Breaking Down Complex Execution Plans

Statement Completed
Profiler is a magnificent tool for capturing the things going on inside your SQL Server instance. Unlike the old days in 7.0 and before, the modern implementation of Profiler can be very unobtrusive within the system. The default set of events and columns will consume well below 1% of resources. What I’m about to show you however, consumes quite a bit more. The best approach is to never run this in a production environment. The second best approach is to run it for very short periods. You’ve been warned. You could negatively impact the performance of your production system if you do this.

When you start Profiler and create a trace, the default settings look like this:

Figure 7

If you click the check box “Show All Events” the screen changes and a lot more options are available. Scroll down until you find one of the following: “SQL:StmtCompleted” inside the TSQL heading if you’re dealing with TSQL queries or “SP:StmtCompeleted” inside the Stored Procedures heading if you’re dealing with procedures. Click the appropriate checkbox so that your screen now looks like this:

Figure 8

When you hit run, Profiler will not only capture the procedures and queries as they run, but each statement within them. It will return a lot of data. But, you should always see a wrapper around your statements. Either a Batch Starting or RPC Starting should precede the list of statements like below:

Figure 9

Here you can see the SQL:BatchStarting and the SQL:StmtCompleted that consist of a stored procedure getting called “EXEC [Staging].[spr_StagePolicyBil…” Then all the individual statements are laid out there. Each one shows the I/O and time that it took (off the screen to the right in the example above). Now you can quickly and easily identify which statement was the most costly and begin to work on it. To work on the query, to begin to tune it, you’ll need an Execution Plan.

You can do that from Profiler too. Go back into the events and scroll up until you find the Performance heading. Under that you can select the event “Showplan XML.” Now when you run your query you’ll see a profiler output that looks something like this:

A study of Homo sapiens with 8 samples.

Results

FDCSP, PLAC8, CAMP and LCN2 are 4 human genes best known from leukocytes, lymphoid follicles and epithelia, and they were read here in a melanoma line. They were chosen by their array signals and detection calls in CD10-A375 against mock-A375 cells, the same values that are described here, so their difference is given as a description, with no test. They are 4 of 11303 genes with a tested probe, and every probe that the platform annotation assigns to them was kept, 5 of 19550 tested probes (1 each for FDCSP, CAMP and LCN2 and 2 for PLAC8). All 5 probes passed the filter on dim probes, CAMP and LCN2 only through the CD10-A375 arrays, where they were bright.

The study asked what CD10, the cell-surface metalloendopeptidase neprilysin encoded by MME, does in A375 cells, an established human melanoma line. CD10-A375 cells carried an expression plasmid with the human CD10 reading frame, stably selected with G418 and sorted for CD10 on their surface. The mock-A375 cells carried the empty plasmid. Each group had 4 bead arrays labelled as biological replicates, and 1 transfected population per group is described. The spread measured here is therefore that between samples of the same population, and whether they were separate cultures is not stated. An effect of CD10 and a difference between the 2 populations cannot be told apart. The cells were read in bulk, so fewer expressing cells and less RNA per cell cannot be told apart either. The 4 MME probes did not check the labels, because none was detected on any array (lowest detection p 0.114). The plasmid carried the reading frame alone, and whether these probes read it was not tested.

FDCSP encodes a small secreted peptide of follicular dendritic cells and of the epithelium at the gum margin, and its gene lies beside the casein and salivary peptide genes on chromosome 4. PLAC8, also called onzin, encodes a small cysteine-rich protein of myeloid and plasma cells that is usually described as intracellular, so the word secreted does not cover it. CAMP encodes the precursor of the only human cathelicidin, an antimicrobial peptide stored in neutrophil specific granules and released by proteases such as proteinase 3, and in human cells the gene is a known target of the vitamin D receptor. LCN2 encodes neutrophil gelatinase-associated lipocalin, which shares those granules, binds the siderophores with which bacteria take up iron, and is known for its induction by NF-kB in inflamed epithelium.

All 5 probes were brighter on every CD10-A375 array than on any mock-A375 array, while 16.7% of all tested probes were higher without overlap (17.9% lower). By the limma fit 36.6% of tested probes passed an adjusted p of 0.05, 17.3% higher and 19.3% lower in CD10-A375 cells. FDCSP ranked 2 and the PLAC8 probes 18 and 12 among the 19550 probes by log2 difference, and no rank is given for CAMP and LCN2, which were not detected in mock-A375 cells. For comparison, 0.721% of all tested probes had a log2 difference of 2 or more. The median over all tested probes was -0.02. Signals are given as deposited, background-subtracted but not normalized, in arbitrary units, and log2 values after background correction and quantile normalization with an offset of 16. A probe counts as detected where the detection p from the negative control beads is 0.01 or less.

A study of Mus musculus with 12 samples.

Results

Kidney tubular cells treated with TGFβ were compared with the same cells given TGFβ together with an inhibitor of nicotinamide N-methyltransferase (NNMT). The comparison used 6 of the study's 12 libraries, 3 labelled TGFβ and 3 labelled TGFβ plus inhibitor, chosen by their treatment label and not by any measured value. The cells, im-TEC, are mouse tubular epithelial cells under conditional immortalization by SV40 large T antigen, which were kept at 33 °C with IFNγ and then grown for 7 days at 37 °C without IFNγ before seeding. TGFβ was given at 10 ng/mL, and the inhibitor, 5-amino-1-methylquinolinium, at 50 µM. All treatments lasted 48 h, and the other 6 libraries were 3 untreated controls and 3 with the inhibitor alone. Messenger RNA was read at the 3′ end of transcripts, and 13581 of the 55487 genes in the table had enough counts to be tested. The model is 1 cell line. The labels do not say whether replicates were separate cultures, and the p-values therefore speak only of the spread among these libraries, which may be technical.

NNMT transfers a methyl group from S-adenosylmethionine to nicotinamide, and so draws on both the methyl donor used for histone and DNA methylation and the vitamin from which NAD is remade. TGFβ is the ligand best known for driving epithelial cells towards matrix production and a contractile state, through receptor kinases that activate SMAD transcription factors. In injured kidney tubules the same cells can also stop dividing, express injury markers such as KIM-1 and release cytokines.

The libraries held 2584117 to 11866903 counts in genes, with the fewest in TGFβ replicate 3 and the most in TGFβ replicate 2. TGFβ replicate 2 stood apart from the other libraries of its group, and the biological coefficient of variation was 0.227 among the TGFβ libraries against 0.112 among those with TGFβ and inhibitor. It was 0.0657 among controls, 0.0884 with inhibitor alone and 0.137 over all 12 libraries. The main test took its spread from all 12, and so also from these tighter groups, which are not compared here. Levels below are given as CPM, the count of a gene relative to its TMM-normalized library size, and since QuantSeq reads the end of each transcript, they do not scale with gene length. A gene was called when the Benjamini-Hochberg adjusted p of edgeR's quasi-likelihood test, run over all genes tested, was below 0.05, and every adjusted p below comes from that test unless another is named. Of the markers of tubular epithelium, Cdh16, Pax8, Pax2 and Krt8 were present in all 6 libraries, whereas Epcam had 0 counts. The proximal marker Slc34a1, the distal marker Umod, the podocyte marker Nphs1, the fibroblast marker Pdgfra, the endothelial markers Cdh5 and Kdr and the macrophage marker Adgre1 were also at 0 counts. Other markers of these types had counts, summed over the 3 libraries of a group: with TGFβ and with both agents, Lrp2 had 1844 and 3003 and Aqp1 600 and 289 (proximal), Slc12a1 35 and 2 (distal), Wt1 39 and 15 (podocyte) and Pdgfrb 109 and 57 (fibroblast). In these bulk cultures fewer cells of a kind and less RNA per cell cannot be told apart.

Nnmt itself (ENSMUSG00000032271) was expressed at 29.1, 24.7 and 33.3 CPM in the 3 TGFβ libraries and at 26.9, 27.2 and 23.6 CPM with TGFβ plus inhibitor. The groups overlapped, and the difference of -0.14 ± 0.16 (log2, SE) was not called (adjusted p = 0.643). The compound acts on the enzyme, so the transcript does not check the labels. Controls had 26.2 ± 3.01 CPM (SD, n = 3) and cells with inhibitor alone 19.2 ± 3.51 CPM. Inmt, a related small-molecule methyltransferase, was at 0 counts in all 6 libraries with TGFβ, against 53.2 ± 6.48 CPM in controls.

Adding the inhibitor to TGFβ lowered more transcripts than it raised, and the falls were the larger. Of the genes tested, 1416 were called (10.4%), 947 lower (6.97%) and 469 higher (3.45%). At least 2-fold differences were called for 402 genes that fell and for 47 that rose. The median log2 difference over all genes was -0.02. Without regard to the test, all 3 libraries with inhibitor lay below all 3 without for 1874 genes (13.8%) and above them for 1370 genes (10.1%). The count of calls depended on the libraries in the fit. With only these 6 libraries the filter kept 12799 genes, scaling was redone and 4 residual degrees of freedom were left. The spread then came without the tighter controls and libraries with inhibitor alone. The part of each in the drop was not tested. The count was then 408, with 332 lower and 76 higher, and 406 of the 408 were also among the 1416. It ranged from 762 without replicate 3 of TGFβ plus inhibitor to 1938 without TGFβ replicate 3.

Figure 10

Yes, you asked for XML and for some reason it’s showing you a graphical execution plan. We’ll discuss that a bit more later. Just be satisfied that you can see the statement completed event and the execution plan, all in one place. If you had to you could move the trace information into a database and perform queries against it to further refine your search for the most costly statement.

What do you do if the execution plan is a lot more complicated than the one displayed above? How are you going to work with it to identify the most costly operations?

Take Out Wrenched Ankle
That’s from an old (real old) kid’s game called Operation. Every icon in an execution plan represents an operation that the query engine is performing to complete the statement defined by the TSQL submitted. Our goal is to find the operation, out of possibly hundreds or more, that is causing all the trouble. The original game of Operation was quite a lot easier but maybe not quite as much fun.

When you run a query and get an execution plan that looks like this:


Figure 11

You’ve got problems. That mangled mush represents about 600 operations, I think. It’s a bunch. You’re not going to simply look at it and see which operation is the most costly. If you want to browse through the GUI, looking for the most costly operation, you’ll need to be able to see that little plus (+) sign like in the image below:

Figure 12

Click and hold this. It will open a small window that you can scroll through quickly. You’ll find that it allows you to see your whole query. You’ll also find that it’s difficult and tedious to scroll around in the GUI looking for the most costly operation. There has to be a better way.